Is there a higher incidence of divorce with autism diagnosis? The daily demands of life with autism can cause stress on some families, which leads to a popular belief that divorce rates are higher in families affected by pervasive developmental disorders. However, a 2010 Kennedy Krieger Institute study examined this question and found that most families dealing with autism stay married.
Higher Incidence of Divorce with Autism Diagnosis Myth
The widespread belief that families affected by autism have a divorce rate as high as 80 percent has been around for years and was often cited by both major publications and autism organizations. The figure, which was more than twice as high as the general American divorce rate, alarmed many families. The high figure discouraged many parents struggling to create healthy family environments while building strong marriages.
The original source for the 80 percent autism divorce rate figure is unclear, which made the Kennedy Krieger Institute question its credibility. The fact that an unsubstantiated figure was so popular within the autism community led to the 2010 study to find out how autism affects marriages.
2010 Study on Autism Divorce Rate
Brian Freedman, PhD, head of the study and clinical director of the Center for Autism and Related Disorders at Kennedy Krieger Institute, had worked with many families with autistic children that believed the 80 percent divorce rate figure. In a May 2010 Science Daily interview, Freedman said that parents affected by autism "don't know what the future holds for their child, and feel as sense of hopelessness about the future of their marriage as well--almost like getting a diagnosis of autism and a diagnosis of divorce at the same time."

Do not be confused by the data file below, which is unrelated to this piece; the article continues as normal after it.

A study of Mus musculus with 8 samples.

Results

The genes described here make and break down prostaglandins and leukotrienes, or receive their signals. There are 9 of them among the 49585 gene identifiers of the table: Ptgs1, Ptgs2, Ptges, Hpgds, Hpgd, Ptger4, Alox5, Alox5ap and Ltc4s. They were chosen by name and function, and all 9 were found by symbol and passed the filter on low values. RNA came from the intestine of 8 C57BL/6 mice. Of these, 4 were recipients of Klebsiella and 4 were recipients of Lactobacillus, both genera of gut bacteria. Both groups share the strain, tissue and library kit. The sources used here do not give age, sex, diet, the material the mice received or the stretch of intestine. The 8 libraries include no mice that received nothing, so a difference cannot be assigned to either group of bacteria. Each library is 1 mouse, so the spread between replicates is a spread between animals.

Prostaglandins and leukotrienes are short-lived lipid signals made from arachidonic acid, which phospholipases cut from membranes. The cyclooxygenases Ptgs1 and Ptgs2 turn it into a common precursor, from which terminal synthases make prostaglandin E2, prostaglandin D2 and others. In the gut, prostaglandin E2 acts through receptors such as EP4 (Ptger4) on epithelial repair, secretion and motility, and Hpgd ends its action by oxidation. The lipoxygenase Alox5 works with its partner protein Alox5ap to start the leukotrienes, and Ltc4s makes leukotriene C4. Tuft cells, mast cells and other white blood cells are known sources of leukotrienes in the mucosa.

Freedman acknowledged that previous studies that discussed the stress parenting a child with autism may cause. One of these studies, a 2007 University of North Carolina study, found that mothers of children with autism may be prone to depression. Yet no study had investigated any role that autism may play in a divorce. Freedman and his research team wanted to examine whether there is any scientific evidence that indicates a high incidence of divorce with autism diagnosis.
Researchers had a challenge because there was hardly any empirical or epidemiological research about the degree of separation and divorce among parents with autistic children. The research team used data from the 2007 National Survey of Children's Health, which allowed them to evaluate 77,911 children between the ages of 3 and 17.
Autism Does Not Increase Divorce Risk
The Kennedy Krieger Institute researchers examined the National Survey of Children's Health data and identified factors in both families affected by autism and nonautistic families that can strain a marriage. Although parenting a child with autism can cause stress, there was not sufficient evidence to suggest that autism contributes to divorce more than any other unrelated factors that can affect a marriage. The researchers found that parenting a child with autism is not a divorce risk. In fact, majority of parents with autistic children in the study were married and living together.
Importance of Autism Divorce Study
The Kennedy Krieger study demonstrated that the higher incidence of divorce with autism diagnosis is a myth. Freedman and the researchers see the study as a demonstration that marriages can survive an autism diagnosis and calls for more research into ways two-parent families with autistic children deal with stress and keep their marriage strong.
Family Support for Autism Helps Marriages
One way families can learn to deal with daily life with autism is to use autism support services. Parents who participate in local support autism support groups and services for the whole family may find it easier to manage stress and create a healthy family environment. It is easy for parents with a child with autism to focus most of their daily attention on finding an effective treatment plan for the child and not have time for each other. Autism family support groups bring people together who share the experience of living with a loved one with autism. The exchange of ideas and moral support can help couples figure out how to care for their child and nurture their marriages. A good place to search for local autism support groups is the Autism Society of America website.
Marriages Can Thrive with Autism
The 2010 Kennedy Krieger study provides hope for parents of children with autism to be optimistic about their marriage. Daily life with autism may present challenges but family life and marriage can still thrive and be filled with happiness.